Tuesday, September 16, 2014

Line of Business Training - Who Does It and Who Pays?

We get mail . . .

Josh sent in the following email regarding something I wrote in Managed Services in a Month.


I've finished reading your Managed Services In A Month book and really
enjoyed it. Very thorough and insightful. Brutally honest and I appreciate
that. Something I needed to hear.

One question I have: on Pg.180 you mention "some LOBs require a good deal of
training in order for you to support them properly".

Are you inferring that the LOB application training expenses should be
passed onto the client? If so, how would you approach the client to request

Would there be a difference (in cost) if the client was new or if the client
was existing (they add on a new LOB application that I have no experience

Is it kind of like the managed services contract setup fee: good clients
waive the setup fee, bad or new clients charge the amount you want?



- - - - -

Here's my two cents worth on LOB training: It depends. There are three primary instances when you need to know about LOBs - line of business applications.

1) This is your focus. For example, if you support Dentrix or American Contractor as your primary business. If that's the case, you should be completely responsible for your own/your staff's training. This is similar to focusing on Microsoft. You train yourself on MS products on your own nickel because it's central to what you do.

Having said that, you should also charge more as a specialist in this software than other LOB software. If you really are an expert in something, then charge expert prices.

One advantage to niching a market is that you can subscribe to their newsgroups and forums. You can answer questions online to user problems. You can learn to speak their language and be sought after. Who knows how to migrate this specific high-end system? You do. So the clients come looking for you.

2) Your largest client uses a specific LOB. If you get a big chunk of money (10% or 20% or more of your gross) from a client who relies on a specific LOB, you need to know something about that product.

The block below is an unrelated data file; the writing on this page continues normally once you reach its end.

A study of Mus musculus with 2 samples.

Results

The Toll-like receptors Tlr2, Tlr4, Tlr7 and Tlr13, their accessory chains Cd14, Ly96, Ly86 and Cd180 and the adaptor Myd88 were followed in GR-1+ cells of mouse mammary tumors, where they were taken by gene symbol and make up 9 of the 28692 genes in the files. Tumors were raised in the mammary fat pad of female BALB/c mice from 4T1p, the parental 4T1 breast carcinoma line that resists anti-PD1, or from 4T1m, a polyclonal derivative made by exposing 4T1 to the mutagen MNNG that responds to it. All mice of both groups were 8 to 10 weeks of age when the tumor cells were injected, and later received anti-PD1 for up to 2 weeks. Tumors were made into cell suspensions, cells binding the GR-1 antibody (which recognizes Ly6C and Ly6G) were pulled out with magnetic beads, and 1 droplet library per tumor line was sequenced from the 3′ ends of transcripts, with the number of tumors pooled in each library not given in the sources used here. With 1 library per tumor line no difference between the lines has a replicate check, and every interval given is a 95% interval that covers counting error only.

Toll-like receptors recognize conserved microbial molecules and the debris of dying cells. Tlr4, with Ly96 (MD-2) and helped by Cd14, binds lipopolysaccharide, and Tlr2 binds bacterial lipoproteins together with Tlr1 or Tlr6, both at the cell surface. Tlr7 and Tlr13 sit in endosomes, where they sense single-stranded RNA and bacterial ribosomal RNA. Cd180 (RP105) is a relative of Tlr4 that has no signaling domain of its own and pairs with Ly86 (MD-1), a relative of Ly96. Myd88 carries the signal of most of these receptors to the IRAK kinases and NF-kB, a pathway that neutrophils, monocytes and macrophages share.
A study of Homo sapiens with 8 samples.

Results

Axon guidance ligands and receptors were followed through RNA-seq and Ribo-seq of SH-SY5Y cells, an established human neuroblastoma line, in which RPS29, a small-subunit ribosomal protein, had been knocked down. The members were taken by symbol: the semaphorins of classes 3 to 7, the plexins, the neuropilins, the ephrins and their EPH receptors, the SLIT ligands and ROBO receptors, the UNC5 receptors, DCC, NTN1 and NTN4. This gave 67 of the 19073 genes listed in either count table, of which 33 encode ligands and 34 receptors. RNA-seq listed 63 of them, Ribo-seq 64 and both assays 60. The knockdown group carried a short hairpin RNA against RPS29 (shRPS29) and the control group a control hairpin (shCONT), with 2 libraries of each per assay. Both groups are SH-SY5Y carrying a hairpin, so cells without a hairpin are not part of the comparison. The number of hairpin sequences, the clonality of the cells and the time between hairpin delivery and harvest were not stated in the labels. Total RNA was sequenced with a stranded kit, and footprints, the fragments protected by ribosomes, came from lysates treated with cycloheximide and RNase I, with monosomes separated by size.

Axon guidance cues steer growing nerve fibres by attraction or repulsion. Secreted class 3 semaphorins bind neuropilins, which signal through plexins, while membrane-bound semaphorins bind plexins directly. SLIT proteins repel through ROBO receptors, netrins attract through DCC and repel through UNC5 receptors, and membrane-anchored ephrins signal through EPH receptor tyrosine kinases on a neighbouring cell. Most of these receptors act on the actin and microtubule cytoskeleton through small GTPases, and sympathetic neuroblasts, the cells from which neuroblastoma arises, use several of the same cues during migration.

In some cases, you'll do some one-the-job training and be able to document processes for setup, upgrades, and migrations. But occasionally you'll need to get some real training on a product. If that's the case, then you need to decide who's paying

Some of these LOB software packages require training that's in the neighborhood of $10,000. Others are $1,500. At the low end, it's probably worth doing to keep your largest client. At the high end, it's worth having a discussion with the client that involves a split on the cost of training plus a long-term commitment to services.

The really good news about expensive training is that it never goes to waste if you become an expert in the field. Let's face it: There aren't many companies willing to spend $10K on training for a single product. That means that the LOB company will start referring people to you because there just aren't that many people who have made that kind of commitment.

3) You can't know everything. The third scenario is the most common. You might have one dentist, one real estate agent, one property manager, one construction contractor, one printer, etc.

You can't know every line of business application out there. THAT's why we require that client have support for their line of business applications. We can solve problems really fast if we can get a technician on the phone and talk nerd-to-nerd.

If you tried to get training and be competent on five LOBs, if could cost you a fortune. But it costs each client the cost of maintenance to have top-shelf support available to them. This is a pretty easy sell because you're not asking them to give you more money. You're asking them to spend money, but you don't get any of it.

The Manage Service Approach

I am happy to include "vendor management" in our platinum level plan. That means we manage the LOBs, we contact tech support, and the client is not involved in that piece of support.

We have the documentation. We're not going to let them screw up the security in active directory. We're not going to let them access the system as administrator whenever they want. And we're not going to let them apply a conflicting IP address to a piece of equipment on the network.

Remember: you are the first line of defense against LOB vendors. If they come in and screw things up, you will be the one that gets the call. So it's in your best interest to help them NOT mess things up in the first place.

I hope that answers the question. Feel free to leave comments here or email me if you have other questions.